What a great pleasure it is to have access to your own homegrown herbs, straight from the garden. Drying or freezing your herbs can give you that pleasure year-round.
The method of preparing herbs for storage that gives you the best flavor and fragrance is air-drying. But if you don't have a warm, dry area that is suitable, or you have herbs that aren't suited for air-drying, don't despair! There are other methods that work almost as well.
Natural Air-drying: Sturdy, low-moisture herbs are best suited for air-drying. Some examples are bay leaves, dill, oregano, marjoram, parsley, sage, rosemary, and thyme. This method is also effective for large batches of herbs. Basil, lemon balm, and most mints have high moisture content--these can mold if not dried quickly.
Air-Dry Method 1:
Cut large stems/branches from mature plants. Shake them to get rid of any insects, then remove any damaged leaves.
Rinse them with cool water and gently pat them dry with towels or paper towels. Turn the branches upside down and take off some of the leaves along the lower stem (the top, after you've turned them upside down). Gather five or six branches together in a bunch.
Get a large paper bag and make several holes in it for ventilation. Put the bunch upside down inside the bag, gather the opening around the leafless stem ends, and tie securely. The bag will protect the bunch from dust and other pollutants. (You can skip the bag if drying for sachets - but keep them away from direct sunlight; that will tend to reduce the fragrance.)
Hang the bag in a warm airy place and leave it alone for several weeks.
When the leaves are dry, check for any signs of mold growth; if you find mold, discard the whole bunch! If the bunch is clean, strip the leaves off of the stems and toss the stems. Store the whole leaves in small airtight containers (plastic "zip" bags are great). Label them and store them in a cool, dry, dark place.
Air-Dry Method 2:
The second way to dry herbs is to spread them out to dry.
With fine-leafed herbs such as oregano and thyme, simply remove the foliage from stems and spread the leaves on a cookie sheet or piece of clean window screen and set in a warm, dry, airy place away from direct sun.
Stir them up every few days to turn them over. Once the leaves feel crisp, you can store them in an airtight container for later use.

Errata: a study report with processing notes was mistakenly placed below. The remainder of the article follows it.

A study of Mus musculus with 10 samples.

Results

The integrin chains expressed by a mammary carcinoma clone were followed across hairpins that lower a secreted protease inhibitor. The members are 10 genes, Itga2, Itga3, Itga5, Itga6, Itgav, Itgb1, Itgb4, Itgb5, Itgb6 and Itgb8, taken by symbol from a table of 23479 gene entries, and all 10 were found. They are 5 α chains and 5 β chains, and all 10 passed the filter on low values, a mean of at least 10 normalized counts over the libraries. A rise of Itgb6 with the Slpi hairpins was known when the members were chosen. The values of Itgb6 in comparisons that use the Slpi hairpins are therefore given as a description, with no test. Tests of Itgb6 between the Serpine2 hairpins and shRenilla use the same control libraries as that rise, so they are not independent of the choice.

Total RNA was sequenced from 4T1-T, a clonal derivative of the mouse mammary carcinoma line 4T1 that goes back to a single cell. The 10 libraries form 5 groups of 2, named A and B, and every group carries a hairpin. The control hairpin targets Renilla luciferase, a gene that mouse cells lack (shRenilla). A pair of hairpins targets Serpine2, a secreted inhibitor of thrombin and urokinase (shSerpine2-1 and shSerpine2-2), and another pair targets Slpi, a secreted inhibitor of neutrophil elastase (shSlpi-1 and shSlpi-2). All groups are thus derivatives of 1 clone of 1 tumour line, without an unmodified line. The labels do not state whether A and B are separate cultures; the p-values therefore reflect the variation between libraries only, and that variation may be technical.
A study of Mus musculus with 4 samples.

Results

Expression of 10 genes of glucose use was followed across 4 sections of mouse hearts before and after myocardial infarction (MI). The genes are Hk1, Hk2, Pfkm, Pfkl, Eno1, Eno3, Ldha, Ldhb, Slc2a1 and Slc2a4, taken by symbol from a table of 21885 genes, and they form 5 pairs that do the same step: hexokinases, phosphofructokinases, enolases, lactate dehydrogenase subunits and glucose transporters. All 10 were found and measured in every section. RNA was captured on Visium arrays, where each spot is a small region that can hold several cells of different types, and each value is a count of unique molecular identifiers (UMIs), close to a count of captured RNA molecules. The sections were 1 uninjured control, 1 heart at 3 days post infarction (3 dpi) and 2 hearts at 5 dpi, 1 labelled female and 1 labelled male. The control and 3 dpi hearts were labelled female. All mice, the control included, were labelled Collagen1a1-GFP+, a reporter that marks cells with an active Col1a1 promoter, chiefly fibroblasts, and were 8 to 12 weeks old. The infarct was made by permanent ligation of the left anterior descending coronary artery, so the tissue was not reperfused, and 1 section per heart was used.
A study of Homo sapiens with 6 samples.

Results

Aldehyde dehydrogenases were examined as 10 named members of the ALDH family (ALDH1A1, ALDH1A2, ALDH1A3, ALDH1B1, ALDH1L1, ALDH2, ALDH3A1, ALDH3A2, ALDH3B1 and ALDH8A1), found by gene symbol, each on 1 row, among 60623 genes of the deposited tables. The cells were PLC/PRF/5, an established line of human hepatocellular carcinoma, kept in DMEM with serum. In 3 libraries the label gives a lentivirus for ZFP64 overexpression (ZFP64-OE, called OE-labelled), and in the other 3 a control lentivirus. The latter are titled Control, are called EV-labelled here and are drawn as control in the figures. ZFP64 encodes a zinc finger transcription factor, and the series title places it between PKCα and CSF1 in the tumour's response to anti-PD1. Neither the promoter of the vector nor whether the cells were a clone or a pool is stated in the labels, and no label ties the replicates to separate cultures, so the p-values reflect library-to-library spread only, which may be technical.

Drying in an Oven: This works well for herbs that tend to mold if not dried quickly--but can also be used if you don't have a warm, dry, well-ventilated (and convenient) place to hang herbs.
For oven-drying, heat the oven to a low heat (150-200F), place the herbs on a baking sheet in the oven, keep the oven door open and bake the herbs until they are dry. This will take several hours, maybe longer if you are drying high-moisture herbs. Keep an eye on them--you want them dried, not burned!
Some people dry herbs in the microwave--we don't advise that, as it takes out a lot of the flavor and fragrance. If you must dry this way, put about 4 branches in the oven between paper towels. Heat for a minute or two on high. If the herbs are not brittle and dry when removed from the oven, repeat for 30 seconds more each time until dry.
Freezing Herbs: Don't freeze herbs to use as garnish--they may become limp and unsightly. Some herbs that freeze well: basil, borage, chives, dill, lemongrass, mint, oregano, sage, savory, sorrel, tarragon, and thyme.
If they are to be used in soups or stews, you can do a quick and handy freeze in an ice cube tray. Chop up the leaves and put a teaspoon of the herb in each section. Fill with water and put the tray in the freezer. To use, simply remove the pre-measured herb in the ice cube, and drop as many as you need in your soup or stew.
You can also simply put a few bunches in a freezer bag or other container and put them in the freezer.
With summer here, garden herbs are kicking into high gear, producing lots of pleasing, aromatic foliage that is great for cooking and potpourris. Freshly harvested leaves are wonderful for cooking, but you might want to preserve some to use later in the year or to create sachets that will fill your home with wonderful scents.